A computer-based individualized study schedule and review timetable can help students retain and recollect information better, even after classes end, according to University of Colorado researchers.

A University of Colorado study found that giving students a computer-based individualized review and study schedule can help them retain lessons better. According to a press release, customized reviews help children remember more information in tests given to them one week or even six months later.

"Our research shows that data collected from a population of learners can be leveraged to personalize review for individual students, yielding significant benefits over one-size-fits-all review," said researcher Robert Lindsey of the University of Colorado, Boulder. "And this systematic, comprehensive review can be integrated into the classroom in a practical and efficient manner."

Researchers analyzed data of 179 students over a semester. The students were required to learn one chapter from their text book every week. They were also given an online flashcard app that allowed them to practice new vocabulary and phrases as well as review old material.

The material was categorized into three sets. The first one was the "massed" set, which contained questions to the chapter being studied that week. The second set was the "spaced" set that contained questions from the previous week's chapters while the third set contained questions from everything that was studied till date. This third set was computer generated with the help of an algorithm similar to one that retailers use to recommend products to customers online. This algorithm computed which material a student would need to practice more in order to fare well in his exams.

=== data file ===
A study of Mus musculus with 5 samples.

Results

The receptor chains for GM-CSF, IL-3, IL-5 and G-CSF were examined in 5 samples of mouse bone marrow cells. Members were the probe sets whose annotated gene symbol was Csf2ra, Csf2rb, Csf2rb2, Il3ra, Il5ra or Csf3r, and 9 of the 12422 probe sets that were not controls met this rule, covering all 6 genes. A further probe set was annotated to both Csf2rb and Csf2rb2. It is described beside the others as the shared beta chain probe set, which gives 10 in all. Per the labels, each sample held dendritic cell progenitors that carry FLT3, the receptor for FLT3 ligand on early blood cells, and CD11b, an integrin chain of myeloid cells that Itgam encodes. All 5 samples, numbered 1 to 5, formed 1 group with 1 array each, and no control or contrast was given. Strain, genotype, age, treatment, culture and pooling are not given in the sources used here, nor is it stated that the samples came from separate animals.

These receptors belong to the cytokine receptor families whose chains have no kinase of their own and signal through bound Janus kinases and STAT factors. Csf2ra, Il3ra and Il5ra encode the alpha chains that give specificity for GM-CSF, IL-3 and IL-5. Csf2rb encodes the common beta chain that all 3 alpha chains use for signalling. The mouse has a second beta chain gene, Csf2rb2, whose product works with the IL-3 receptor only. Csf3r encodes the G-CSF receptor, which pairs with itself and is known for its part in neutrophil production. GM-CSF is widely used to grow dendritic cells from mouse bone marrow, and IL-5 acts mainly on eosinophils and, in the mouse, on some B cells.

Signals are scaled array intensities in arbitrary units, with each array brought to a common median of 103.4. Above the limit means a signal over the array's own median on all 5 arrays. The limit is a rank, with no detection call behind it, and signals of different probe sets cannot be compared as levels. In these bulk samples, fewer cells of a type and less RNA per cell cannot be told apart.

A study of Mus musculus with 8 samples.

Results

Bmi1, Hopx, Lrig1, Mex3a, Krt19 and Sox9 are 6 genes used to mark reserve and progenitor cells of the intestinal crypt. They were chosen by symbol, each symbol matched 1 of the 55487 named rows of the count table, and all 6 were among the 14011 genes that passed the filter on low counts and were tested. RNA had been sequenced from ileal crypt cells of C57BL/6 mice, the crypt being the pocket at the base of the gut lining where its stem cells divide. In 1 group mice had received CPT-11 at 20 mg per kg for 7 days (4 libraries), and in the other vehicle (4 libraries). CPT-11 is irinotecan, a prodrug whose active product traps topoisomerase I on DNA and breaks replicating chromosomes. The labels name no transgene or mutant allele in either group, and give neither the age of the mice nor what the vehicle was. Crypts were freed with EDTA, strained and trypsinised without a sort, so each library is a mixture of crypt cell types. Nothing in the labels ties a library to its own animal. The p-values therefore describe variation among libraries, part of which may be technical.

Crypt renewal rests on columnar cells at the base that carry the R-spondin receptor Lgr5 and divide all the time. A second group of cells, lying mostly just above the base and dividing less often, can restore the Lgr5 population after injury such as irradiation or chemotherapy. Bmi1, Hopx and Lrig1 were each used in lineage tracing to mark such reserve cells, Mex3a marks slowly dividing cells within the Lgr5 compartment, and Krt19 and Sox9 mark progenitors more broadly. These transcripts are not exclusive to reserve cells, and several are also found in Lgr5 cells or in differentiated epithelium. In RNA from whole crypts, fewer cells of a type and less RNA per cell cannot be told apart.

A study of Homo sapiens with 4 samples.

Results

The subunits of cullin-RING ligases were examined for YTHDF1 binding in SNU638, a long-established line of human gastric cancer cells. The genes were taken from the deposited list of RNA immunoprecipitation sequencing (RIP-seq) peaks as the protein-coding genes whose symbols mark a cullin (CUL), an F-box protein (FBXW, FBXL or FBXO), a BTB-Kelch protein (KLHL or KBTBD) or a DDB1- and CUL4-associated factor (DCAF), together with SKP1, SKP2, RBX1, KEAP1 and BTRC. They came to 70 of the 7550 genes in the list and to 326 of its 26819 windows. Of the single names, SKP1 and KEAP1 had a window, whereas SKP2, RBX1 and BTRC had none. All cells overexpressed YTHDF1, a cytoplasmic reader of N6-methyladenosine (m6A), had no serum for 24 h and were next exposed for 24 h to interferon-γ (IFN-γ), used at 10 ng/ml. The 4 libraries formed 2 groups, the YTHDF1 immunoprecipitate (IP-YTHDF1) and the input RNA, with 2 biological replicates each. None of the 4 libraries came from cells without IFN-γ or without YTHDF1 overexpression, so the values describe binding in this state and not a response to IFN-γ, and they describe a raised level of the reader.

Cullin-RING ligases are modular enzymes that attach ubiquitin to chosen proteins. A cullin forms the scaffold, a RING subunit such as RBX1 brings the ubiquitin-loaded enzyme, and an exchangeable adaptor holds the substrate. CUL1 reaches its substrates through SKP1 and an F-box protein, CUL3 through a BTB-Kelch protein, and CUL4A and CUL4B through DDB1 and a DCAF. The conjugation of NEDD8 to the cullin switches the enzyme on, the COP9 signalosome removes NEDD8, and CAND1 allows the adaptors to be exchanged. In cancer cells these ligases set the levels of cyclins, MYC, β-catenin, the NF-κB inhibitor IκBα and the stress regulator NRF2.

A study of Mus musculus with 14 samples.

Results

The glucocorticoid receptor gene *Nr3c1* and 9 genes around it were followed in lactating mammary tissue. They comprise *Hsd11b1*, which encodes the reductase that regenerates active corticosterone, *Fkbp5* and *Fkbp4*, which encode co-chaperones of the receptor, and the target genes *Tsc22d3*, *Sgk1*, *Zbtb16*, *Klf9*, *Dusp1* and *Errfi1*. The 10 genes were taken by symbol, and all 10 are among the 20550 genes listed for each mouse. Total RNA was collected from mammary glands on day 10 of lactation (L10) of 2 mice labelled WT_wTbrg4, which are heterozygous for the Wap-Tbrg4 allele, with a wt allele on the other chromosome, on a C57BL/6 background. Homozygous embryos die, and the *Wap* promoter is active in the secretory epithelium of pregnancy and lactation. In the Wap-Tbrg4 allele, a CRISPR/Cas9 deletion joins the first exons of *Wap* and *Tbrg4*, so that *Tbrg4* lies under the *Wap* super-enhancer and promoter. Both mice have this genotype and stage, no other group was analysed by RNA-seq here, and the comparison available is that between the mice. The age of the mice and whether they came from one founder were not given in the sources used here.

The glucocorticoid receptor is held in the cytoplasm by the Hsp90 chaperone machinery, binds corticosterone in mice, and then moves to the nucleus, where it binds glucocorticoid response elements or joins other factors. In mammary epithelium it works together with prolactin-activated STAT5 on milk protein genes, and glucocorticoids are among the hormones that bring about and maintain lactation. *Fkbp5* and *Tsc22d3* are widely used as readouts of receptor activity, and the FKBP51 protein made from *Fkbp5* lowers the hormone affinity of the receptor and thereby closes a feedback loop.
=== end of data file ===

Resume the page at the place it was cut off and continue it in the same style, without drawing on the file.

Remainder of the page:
Previous studies have found that the second set of material is ideal for learning and memory. In an exam taken a month after the reviews, it was found that  personalized review boosted performance by 16.5% over massed review and by 10% over generic spaced review.

"It is surprising how resistant students generally are to review," Lindsey said. "They see their job as to learn the week's new material, and feel that explicit review of old material is getting in the way of their learning. This experiment argues otherwise."

Researchers suggest that while it may be impossible for teachers to manually set individual test papers for each student, using similar computer algorithms can help make the task easier.